Sushi is often considered as the “Japanese Diet”. Sushi and sashimi is not only tasty, but it’s also very good for you. It is wonderful to be able to eat the food you love without paying the price for your indulgence.
Many claims have been made for the health benefits of the traditional Japanese diet of fish and rice, including sushi, sashimi and norimaki dishes. A possible indicator is the average life expectancy for both women and men in Japan. It is one of the highest in the world.
Sushi and sashimi is high in omega-3 fatty acids and many beneficial minerals. Even the nori (black seaweed wrap), the wasabi (green horseradish) and the gari (pickeled ginger) is renowned for its health benefits.
Sushi, sashimi & norimaki – do you know the difference?
Most often the word “sushi” is used for a range of dishes with subtle differences:
- By definition, sushi is cooked vinegar rice with raw fish on top
- You have only sliced raw fish on your plate – that’s sashimi
- Norimaki is fish or vegetables enveloped by seaweed
In Ireland, the word sushi is used for all three types above. Often, people think of norimaki when they say “sushi”. Therefore, we simply use the word sushi in the text below. However, when you read our menus, you will need to know the difference between the three types.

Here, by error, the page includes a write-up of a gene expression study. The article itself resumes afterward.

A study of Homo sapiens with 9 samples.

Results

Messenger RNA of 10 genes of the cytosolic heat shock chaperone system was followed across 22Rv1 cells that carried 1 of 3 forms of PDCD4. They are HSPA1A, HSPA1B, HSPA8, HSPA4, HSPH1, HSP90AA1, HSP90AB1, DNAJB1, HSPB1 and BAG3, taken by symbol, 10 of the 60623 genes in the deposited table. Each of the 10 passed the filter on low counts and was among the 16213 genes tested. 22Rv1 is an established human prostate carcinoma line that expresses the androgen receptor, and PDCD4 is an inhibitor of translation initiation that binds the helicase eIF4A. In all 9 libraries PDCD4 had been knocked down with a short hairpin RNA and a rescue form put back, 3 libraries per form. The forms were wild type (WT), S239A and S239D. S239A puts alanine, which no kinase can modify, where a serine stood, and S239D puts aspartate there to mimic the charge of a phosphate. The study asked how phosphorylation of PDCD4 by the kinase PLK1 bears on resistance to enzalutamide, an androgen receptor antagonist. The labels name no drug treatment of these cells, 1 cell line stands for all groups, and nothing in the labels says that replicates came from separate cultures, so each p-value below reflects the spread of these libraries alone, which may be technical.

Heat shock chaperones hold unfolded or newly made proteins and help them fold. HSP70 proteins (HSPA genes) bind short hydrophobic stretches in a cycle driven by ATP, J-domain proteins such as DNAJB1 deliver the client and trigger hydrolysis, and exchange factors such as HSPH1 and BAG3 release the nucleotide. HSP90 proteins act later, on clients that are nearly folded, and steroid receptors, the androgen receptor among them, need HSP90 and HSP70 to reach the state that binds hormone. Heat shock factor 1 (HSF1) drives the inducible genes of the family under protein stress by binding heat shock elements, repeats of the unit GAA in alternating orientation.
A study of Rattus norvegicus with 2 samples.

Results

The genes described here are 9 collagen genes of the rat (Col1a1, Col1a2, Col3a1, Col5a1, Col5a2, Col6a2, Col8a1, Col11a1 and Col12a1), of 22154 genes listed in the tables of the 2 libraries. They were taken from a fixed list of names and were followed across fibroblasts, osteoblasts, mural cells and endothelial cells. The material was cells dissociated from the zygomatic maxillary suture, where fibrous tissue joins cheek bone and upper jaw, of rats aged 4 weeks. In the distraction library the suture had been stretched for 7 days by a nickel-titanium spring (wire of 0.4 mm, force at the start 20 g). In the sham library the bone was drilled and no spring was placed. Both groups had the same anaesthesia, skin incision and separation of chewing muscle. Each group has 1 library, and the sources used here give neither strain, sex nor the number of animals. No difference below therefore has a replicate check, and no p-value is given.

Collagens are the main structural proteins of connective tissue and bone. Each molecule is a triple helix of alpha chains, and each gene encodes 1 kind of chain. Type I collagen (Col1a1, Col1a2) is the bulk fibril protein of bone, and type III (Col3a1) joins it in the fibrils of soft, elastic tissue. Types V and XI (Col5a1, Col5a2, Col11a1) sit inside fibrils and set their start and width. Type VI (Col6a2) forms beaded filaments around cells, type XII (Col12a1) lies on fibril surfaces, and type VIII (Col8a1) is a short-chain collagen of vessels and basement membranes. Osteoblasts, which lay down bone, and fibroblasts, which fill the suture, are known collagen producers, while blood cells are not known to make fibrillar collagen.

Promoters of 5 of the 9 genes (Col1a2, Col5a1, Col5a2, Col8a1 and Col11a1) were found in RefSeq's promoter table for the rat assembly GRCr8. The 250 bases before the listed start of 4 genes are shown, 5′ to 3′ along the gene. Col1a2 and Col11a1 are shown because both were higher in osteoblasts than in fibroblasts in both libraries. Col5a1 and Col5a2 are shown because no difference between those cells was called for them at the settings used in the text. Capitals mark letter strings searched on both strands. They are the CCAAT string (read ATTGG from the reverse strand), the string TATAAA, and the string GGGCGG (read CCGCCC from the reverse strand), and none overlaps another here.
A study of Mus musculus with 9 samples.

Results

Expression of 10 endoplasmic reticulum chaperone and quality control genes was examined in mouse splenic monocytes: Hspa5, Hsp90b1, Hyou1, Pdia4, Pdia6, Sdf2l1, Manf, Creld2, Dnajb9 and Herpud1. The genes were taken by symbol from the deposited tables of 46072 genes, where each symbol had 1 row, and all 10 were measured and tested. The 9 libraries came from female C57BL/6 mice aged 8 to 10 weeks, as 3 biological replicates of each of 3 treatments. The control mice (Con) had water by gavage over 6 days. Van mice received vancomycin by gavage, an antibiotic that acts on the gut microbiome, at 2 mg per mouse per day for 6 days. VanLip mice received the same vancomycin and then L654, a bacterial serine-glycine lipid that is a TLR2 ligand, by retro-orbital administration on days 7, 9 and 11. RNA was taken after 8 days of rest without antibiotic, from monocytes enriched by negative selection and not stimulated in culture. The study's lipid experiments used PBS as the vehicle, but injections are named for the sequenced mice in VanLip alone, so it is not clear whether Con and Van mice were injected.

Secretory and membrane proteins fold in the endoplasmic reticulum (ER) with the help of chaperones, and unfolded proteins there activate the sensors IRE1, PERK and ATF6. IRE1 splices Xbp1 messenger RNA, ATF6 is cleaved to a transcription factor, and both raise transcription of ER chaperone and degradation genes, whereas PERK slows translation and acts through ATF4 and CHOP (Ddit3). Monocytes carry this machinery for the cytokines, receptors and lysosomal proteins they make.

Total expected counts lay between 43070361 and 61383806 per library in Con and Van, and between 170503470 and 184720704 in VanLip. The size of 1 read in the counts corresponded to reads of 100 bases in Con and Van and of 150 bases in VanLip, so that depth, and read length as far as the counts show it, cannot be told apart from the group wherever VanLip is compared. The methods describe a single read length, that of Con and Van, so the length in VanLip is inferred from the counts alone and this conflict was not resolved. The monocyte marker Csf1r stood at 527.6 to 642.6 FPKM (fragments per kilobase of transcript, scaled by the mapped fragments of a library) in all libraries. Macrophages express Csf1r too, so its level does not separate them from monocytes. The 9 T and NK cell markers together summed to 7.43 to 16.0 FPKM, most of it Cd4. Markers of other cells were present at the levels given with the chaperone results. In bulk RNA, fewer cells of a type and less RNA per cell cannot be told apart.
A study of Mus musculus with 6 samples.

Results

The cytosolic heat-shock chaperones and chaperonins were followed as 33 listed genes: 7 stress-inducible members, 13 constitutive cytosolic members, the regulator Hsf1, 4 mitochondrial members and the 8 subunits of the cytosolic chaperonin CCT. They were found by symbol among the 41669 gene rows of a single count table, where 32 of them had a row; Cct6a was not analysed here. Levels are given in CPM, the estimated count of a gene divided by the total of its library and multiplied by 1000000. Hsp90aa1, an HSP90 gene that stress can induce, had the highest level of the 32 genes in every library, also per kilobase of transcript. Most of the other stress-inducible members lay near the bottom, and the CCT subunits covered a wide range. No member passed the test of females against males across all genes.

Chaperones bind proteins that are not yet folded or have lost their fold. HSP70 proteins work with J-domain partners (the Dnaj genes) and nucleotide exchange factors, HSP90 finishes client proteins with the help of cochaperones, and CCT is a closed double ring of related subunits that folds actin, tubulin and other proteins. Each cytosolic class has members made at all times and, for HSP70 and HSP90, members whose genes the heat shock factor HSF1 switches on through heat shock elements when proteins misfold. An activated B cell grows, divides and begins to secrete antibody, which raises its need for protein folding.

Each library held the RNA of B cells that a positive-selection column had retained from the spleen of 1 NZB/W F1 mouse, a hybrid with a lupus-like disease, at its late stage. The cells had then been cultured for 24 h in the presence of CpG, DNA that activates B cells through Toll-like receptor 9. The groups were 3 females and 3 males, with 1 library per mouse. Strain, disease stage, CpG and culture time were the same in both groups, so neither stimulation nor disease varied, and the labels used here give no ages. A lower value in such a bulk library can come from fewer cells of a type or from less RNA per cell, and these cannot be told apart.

Nori, Wasabi and Gari
There are a few other ingredients, which are worth knowing.
The rice in norimaki (sushi) needs to be wrapped to hold it together. Nori is the black layer that keeps norimaki rolls together. Nori is dried seaweed and is known for its vast health benefits: It’s high in many vitamins and minerals including iodine; zinc; calcium; vitamins A, E, C, and K; fibre; and protein.
This hot green paste is Japanese horseradish and is usually served alongside sashimi. For those who like it spicy, wasabi is a healthy condiment. It may prevent platelets from forming blood clots, asthma and cavities, but contrary to popular belief, it doesn’t “clear the sinuses.” But many know the feeling in the nose when you got too much wasabi in one go.
You have seen it: Pickeled ginger next to the sushi. It is called gari and is served in a natural-looking beige or in a tinted pink colour. Gari is sweet, thinly sliced young ginger that has been marinated in a solution of sugar and vinegar.
Ginger is a healthy sushi side dish, used to cleanse the palate after each piece of sushi. Ginger contains the compounds gingerols and shogaols. These oils are very good for you and stimulate digestive juices and neutralise stomach acids. Ginger can also lower cholesterol levels and limit blood clots in the same way aspirin works in the body.